Intellectual Capital Management in Long-Lasting Family Firms: The DuPont Case

Intellectual Capital Management in Long-Lasting Family Firms: The DuPont Case

Rosa Nelly Trevinyo-Rodriguez (EGADE Campus Monterrey, Mexico)
DOI: 10.4018/978-1-60566-679-2.ch012

How to acknowledge, manage and measure intangible strategic resources embedded in organizational settings—such as intellectual capital—has been a widely discussed topic during the last two decades. However, when referring to unique organizational forms such as family-owned or controlled firms, the topic is understudied. Considering that approximately one third of S&P 500 are family-controlled firms— i.e. DuPont—, which have survived beyond a lifetime, the author asks herself how these long-lasting family businesses managed to balance the strategic and parallel creation, development and use of their intellectual capital both at the family and business levels in order to support growth and regeneration. She introduces the ICFB-Family Wealth matrix in order to describe our findings.

Intellectual Capital is one of the key-success factors a multinational company has to care about in the new economy. And, although much has been said about how to value, measure and analyze intangible assets, not many authors have focused their efforts in determining how the strategic use of intellectual resources could leverage not only the firm productivity and owners’ reports, but also its people’s creativity, innovation and well-being.

This chapter discusses how the strategic administration of these intangible resources could become a sustainable competitive advantage over time, making a company achieve market dominance and a leading position in the industry. We analyze the DuPont Case, a family-controlled business, and examine how the family background provided a set of qualitative resources that impacted (and interacted with) other assets in the organization, creating a unique way of doing and viewing things (e.g. initiatives, values and conduct policies).

How long-lasting family firms such as DuPont managed to balance the strategic and parallel creation, development and use of their intellectual capital both at the family and business levels in order to support growth and regeneration is our main question. Three propositions were generated and summarized in the ICFB-Family Wealth Matrix we introduce here. We put forward the idea that family firms tend to move along the different quadrants, depending on their “family first” or “business first” focus, intending to find an equilibrium and stability that could help them outlive and outperform beyond a lifetime.

Intellectual Capital and its Strategic Use

The field of intellectual capital (IC), as well as the tools and models in order to manage, transfer and develop knowledge, has experienced a break through during the last twenty eight years—since Itami’s first publication (1980)--, increasing the current level of interest in measuring and accounting IC. The latter, has been basically due to the implications IC has on the strategic attainment of core business objectives, as well as by the role it plays when referring to valuation of the firm’s market value.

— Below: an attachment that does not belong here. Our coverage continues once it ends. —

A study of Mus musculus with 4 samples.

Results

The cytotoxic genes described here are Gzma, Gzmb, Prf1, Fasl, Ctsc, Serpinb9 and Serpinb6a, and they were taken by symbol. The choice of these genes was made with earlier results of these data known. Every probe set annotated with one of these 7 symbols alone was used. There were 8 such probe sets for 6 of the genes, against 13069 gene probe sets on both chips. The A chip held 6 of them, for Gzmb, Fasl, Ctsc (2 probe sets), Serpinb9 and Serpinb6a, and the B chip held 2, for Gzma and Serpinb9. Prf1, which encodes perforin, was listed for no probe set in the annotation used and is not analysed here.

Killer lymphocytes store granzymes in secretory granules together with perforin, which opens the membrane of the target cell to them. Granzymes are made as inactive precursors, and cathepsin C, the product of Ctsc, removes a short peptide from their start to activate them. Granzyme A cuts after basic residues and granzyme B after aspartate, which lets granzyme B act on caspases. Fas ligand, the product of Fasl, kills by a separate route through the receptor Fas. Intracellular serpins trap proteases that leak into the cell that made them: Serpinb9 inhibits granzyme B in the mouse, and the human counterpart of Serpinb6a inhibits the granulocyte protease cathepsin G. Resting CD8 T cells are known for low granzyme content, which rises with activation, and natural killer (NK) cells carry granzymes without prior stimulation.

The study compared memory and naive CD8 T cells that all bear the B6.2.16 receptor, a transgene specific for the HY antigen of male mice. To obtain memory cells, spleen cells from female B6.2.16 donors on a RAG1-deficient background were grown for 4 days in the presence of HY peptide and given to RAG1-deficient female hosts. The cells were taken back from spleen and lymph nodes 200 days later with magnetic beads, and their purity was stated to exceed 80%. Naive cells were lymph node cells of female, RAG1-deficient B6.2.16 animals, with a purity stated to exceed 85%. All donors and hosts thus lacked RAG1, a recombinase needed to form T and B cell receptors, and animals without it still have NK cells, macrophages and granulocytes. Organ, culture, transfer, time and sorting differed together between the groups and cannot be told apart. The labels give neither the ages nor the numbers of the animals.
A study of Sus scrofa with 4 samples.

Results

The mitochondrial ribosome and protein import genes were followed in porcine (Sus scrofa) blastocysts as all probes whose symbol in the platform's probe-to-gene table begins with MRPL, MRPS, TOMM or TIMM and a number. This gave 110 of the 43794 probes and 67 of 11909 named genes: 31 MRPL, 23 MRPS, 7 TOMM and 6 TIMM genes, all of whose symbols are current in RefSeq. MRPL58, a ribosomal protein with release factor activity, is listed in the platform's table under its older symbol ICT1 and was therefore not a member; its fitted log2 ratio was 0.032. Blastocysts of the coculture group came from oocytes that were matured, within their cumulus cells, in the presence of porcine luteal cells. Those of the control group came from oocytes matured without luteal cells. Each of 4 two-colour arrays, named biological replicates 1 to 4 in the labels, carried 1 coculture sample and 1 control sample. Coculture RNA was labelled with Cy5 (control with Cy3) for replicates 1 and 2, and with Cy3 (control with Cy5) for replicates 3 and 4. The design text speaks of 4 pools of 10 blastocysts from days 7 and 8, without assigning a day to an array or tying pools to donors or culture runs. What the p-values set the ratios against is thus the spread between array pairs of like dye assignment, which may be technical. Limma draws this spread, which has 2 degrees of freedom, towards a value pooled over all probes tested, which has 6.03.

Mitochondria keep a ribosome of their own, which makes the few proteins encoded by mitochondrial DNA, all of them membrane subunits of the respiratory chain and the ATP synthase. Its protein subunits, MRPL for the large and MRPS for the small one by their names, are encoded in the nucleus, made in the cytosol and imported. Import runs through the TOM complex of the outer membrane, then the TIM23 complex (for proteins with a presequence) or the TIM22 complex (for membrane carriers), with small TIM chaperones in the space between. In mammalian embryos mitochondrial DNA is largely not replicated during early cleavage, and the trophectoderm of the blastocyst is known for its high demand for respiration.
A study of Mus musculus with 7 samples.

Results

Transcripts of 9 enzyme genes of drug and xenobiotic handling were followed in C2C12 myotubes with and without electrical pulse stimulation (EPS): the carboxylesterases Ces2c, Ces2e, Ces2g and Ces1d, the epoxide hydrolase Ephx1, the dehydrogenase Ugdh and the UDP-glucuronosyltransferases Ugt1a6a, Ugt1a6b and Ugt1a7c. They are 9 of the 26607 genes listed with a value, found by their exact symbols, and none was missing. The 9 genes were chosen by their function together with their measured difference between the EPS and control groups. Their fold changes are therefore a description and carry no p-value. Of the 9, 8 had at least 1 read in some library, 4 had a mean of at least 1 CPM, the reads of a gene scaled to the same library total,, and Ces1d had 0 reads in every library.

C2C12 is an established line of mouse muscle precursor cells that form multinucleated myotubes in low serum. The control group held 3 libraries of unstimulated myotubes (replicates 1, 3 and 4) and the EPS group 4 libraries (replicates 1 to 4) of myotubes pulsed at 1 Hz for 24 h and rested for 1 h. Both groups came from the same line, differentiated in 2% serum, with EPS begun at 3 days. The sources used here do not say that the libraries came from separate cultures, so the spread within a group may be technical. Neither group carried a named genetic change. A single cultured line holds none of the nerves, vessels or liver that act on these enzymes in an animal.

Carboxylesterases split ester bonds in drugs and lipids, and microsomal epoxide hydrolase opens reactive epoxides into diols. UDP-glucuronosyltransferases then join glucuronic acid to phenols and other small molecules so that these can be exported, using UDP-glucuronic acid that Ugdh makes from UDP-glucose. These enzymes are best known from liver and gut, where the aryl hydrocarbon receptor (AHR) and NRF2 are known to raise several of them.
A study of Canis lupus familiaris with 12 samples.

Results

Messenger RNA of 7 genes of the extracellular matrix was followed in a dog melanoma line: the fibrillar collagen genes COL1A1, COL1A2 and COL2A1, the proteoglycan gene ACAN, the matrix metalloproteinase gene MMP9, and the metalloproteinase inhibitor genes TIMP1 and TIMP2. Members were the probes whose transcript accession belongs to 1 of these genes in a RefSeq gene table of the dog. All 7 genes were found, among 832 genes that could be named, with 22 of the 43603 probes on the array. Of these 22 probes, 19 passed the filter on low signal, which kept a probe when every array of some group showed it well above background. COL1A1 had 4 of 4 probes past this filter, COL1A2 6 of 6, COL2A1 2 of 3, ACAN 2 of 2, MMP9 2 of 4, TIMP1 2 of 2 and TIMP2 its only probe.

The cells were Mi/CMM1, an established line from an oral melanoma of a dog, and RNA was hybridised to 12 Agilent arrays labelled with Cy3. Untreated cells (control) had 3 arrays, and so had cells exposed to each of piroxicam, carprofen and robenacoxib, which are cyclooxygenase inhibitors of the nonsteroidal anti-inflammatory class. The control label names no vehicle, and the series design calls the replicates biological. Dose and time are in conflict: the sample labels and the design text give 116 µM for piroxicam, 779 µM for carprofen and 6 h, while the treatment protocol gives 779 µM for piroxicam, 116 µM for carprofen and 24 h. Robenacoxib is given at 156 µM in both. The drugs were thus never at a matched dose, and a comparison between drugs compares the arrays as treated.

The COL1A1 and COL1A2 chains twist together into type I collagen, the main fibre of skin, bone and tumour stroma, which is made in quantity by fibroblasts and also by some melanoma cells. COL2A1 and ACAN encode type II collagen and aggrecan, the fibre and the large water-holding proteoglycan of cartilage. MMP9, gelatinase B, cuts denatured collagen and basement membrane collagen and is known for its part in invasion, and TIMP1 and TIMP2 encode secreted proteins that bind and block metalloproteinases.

Measuring and accounting for IC has become a main objective for researchers and practitioners due to the heavy flows of information firms receive from internal and external sources. Environmental changes, global trends, internationalization of firms (which push further the compatibility/comparability of accounting standards), and the creation of new business models have made IC a valued resource not only in the knowledge-information businesses (hi-tech firms), but also in the brick and mortar ones.

Knowledge is power, and when referring to intellectual resources, IC means “competitive advantage”. The reason is simple: it translates into financial performance and impacts the firm’s market value. In fact, differences between firms, including variations in performance, may represent differences in their ability to create and exploit their internal resources and capabilities (Penrose, 1959; Andrews, 1971), including intangible assets such as IC. Special capabilities of organizations for creating and transferring knowledge are being identified as a central element for organizational advantage. Indeed, from a perspective of the value-added, intellectual capital brings value to the corporation in two ways: strategic position and financial/economic value (Sullivan, 2000).

According to the resource-based view of the firm (RBV), a firm’s endowment of resources is what makes its competitive advantage sustainable in time, stressing the importance of intangible resources as a key to sustainability (Wernerfelt, 1984; Rumelt, 1984; Barney, 1996; Itami, 1987). Going further, the intellectual capital-based view (ICV) of the firm (K.K. Reed et. al. 2006), being an elaboration of Leonard-Barton’s (1992) knowledge-based view, and grounded on RBV, seeks to explain the hidden knowledge based dynamics that underlie a firm’s value focusing on the stocks and flows of knowledge capital embedded in an organization.

To acknowledge and measure IC and its direct associations with financial performance (Youndt et. al., 2004) –based on ICV--, we have to be clear on its structure/design. In order to do so, next section analyzes the different forms of IC and its components when referring to the business arena.